Secret Army: Why You’ll Want To Join The Resistance

One of the greatest ever British dramas is returning to our screens. Here’s what you need to know.

Secret Army


This is the story of World War Two, but it's not about the soldiers on the front lines. The sprawling series, filled with revelations and intrigue, is about the secret operatives who hide in plain sight, mingling with the Nazis even as they plot their crucial acts of rebellion. The series focuses on one particular group of resistance fighters, based in Belgium, who must do whatever it takes to save any Allied airmen stranded in Europe. These airmen have survived being shot down during bombing raids against the Germans, and now put their lives in the hands of the resistance agents who feed them, clothe them, hide them, and - ultimately - smuggle them back to Britain. Easier said than done...

Secret Army



Secret Army has a seriously prestigious pedigree. One of its creators was Gerard Glaister, who also helped bring us the iconic POW drama series Colditz. Glaister himself wasn't simply a war buff - he was a highly decorated veteran who flew more than 100 dangerous, low-level reconnaissance missions during World War Two. The story goes that Glaister pitched the idea for Secret Army to a BBC bigwig while they were sharing a lift, and got the go-ahead by the time the lift arrived at the floor. Impressively, Glaister succeeded in landing filming locations in Belgium itself, which helps give Secret Army its thrilling realism.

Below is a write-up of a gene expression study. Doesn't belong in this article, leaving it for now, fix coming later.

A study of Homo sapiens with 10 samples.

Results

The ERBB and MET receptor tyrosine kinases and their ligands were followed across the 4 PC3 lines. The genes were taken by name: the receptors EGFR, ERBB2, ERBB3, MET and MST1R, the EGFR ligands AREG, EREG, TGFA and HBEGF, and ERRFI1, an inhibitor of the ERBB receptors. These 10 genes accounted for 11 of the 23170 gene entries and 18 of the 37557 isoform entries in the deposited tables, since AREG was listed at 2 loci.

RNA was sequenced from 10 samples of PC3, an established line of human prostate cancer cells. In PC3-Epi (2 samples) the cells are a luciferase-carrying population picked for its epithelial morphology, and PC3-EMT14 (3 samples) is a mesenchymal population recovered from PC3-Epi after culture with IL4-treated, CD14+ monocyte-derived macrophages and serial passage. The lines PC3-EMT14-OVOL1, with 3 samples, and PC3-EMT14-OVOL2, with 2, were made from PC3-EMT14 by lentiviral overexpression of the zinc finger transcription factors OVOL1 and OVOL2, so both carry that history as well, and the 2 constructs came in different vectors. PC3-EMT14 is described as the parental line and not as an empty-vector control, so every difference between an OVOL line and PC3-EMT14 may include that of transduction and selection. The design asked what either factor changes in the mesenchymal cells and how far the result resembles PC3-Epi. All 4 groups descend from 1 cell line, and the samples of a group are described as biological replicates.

The events in Secret Army closely mirror real events. The real Lifeline was known as the Comet Line, which really did save the lives of hundreds of airmen stuck in Belgium and France. Not only that, but there was a real-life equivalent of Lisa Colbert. Her name was Andrée de Jongh, who was in her mid-20s when she created the Comet Line and started working with British intelligence. She was described as "one of our greatest agents" and personally escorted more than 100 airmen across the Pyrenees.


In a strange turn of events, Secret Army spawned a spoof version which ended up being more famous than Secret Army itself. If the concept of a continental café owner embroiled in resistance activities involving unsuspecting Germans, stranded airmen and naughty affairs sounds familiar, then we can confirm that yes - Allo Allo was indeed directly inspired by Secret Army, essentially taking the same set-up but playing it all for laughs. Even the finer details of various sub-plots - such as having a lady laid up in bed, and a pianist who's a forger, and shenanigans involving paintings - were replicated in the comedy. On top of that, several actors from Secret Army even turned up in Allo Allo.